Tonight’s newest episode of Westworld, Season 2 Episode 7, is called Les Écorchés. What does this mean and how does it relate to Westworld? Read on for details and theories.
Les Écorchés is French for “a painting or sculpture of a human figure with the skin removed to display the musculature.” You can see examples of this in the Wikipedia entry here. The entry explains that these drawings, paintings, or sculptures are typically done as a figure study for another work or as an exercise for a student. Leonardo da Vinci did some of the first well known examples of Écorché. The term “Écorché” literally means “flayed” in French. The reason these drawings became so well known during the Renaissance period is that dissecting the human body had actually been banned until Pope Boniface VIII decided to allow the practice again.
During the 17th to 19th centuries, these “Écorché” figures were used by medical students, and some were even made on a smaller scale out of bronze. By the late 18th century, these figures became commonly made in wax.
This title could directly relate to the Ecorche sculpture, which is found in the Vitruvian Man (which we see a callback to in every Westworld intro, when the model of a host turns in the circle.) This was explained in Vulture, when designer Patrick Clair shared: “The Vitruvian Man, that goes back to Da Vinci’s anatomical drawings, and it gives the story an epic take on the formation of human beings. One of the things that the show does well is the naked human body. It makes it strange and alienating, cold and mechanical, which makes us think about the body and the way people use it, or are used.”
The drone hosts, by the way, resemble living Ecorche figures.
Interestingly, we already saw Dolores with her skin removed, to display her “musculature” (or more accurately, in her case, the robotic parts) in the Season 1 finale. Do you remember these photos? The photos are from the beginning of the finale, when we saw Dolores coming online for the very first time. She and Arnold have always had a special connection, possibly stemming from the fact that he was her creator and he was the one who first brought her online. And as we saw this season, he introduced her to the “real” world and protected her from being one of the hosts who sold Logan on investing in the park.
Hosts and humans resemble each other in many, many ways. But when you get past the skin, you realize they are very, very different. HBO allowed Heavy to view the episode for tonight early, and we won’t spoil anything in this story. But we will share that the title reflects the storyline perfectly, and as you watch the episode, you will see it played out in many scenes. The episode is absolutely phenomenal.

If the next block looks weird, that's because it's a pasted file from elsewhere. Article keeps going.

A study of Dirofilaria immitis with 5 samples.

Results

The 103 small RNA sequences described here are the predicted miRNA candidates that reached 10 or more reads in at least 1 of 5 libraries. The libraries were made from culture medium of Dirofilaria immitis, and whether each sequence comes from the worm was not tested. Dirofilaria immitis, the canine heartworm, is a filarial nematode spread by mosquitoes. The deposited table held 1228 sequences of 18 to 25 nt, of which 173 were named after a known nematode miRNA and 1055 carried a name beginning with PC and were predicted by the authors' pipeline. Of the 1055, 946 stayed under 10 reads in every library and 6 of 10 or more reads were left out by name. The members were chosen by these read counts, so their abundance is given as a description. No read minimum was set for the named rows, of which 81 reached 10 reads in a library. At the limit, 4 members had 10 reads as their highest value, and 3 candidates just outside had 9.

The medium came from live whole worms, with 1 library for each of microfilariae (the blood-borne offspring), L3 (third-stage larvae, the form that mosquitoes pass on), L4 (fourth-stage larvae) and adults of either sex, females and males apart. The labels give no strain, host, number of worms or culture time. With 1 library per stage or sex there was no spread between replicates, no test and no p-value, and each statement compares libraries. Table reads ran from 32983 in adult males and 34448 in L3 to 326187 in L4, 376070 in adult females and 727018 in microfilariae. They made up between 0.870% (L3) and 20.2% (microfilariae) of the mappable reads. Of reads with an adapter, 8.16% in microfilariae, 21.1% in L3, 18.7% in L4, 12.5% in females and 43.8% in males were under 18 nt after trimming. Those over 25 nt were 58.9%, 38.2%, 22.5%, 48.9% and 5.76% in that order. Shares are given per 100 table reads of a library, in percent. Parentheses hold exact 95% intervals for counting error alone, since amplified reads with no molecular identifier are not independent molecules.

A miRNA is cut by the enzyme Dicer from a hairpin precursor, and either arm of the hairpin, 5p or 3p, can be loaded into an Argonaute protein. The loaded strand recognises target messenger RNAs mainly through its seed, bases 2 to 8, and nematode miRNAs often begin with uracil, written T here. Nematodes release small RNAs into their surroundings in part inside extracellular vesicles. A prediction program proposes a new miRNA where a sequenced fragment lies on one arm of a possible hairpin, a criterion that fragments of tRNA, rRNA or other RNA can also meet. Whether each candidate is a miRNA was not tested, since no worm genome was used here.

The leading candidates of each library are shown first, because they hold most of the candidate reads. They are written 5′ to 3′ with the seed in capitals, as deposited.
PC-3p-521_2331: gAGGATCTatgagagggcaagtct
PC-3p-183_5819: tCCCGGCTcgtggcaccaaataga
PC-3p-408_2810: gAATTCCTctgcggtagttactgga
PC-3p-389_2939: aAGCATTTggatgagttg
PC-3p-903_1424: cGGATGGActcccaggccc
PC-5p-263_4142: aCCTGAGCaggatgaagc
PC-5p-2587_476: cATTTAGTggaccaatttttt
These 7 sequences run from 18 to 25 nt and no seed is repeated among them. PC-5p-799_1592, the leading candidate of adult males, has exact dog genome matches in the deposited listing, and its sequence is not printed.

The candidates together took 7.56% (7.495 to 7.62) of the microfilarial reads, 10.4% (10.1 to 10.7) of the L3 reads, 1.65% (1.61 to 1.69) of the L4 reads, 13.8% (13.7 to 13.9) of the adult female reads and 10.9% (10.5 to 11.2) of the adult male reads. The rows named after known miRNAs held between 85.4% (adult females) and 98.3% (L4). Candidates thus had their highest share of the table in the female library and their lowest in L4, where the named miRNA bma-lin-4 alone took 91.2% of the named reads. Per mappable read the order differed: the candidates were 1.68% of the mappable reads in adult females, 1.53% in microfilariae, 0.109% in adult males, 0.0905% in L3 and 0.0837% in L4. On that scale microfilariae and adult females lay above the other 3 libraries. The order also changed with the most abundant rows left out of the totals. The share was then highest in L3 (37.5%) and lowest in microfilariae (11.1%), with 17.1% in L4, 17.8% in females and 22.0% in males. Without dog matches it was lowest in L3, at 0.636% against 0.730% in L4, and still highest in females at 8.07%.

The title also reflects the idea that when you explore them at a more deeper level, hosts and humans are indeed very, very different when the outer facade is removed.
There is a song by Noir Désir called “Les Écorchés” (translated to “The Skinned”) which seems to relate to the hosts. You can read the full lyrics to the song, translated into English, here. One line reads: “For those who were flayed alive, We’re bearing marks of abuse.”
Another part of the song reads: “I didn’t light the fuse. It’s Lautréamont Who presses me In the deserts Where he preaches Where mass is held In front of nothing. For the flayed Hold me tight again. Smother me if you can.” The writers must have had this song in mind when naming the episode, because the synopsis for the newest episode of Westworld simply reads, “Strike the match.”
There’s also another angle to the episode title that many may not know. Redditor deicide666ra, who speaks French, wrote: “I’d just like to point out the definition of ‘écorchées’ can indeed mean skinned but French being my mother tongue I can tell you that the more common use of the word relates to scratching / damaging. For instance, if you fall and scratch your knees on asphalt, resulting in a missing/damaged layer of skin, we’ll say you have the “genou écorché”, meaning your knee is severely scratched. More figuratively, we also use the word to describe someone’s mental or physical state, someone who is damaged/injured. Basically the opposite of the word ‘unscathed’.”
Another Redditor confirmed this in a separate thread. There is a mental component to the word “ecorche” which references the idea of a “tormented soul” or someone who is in constant mental suffering or sorrow because of their past. But they explain that this is more than just tormented, but someone tormented so much they are borderline suicidal.
It seems that no matter what angle you take on the title of tonight’s episode, it fits with an important element of Westworld.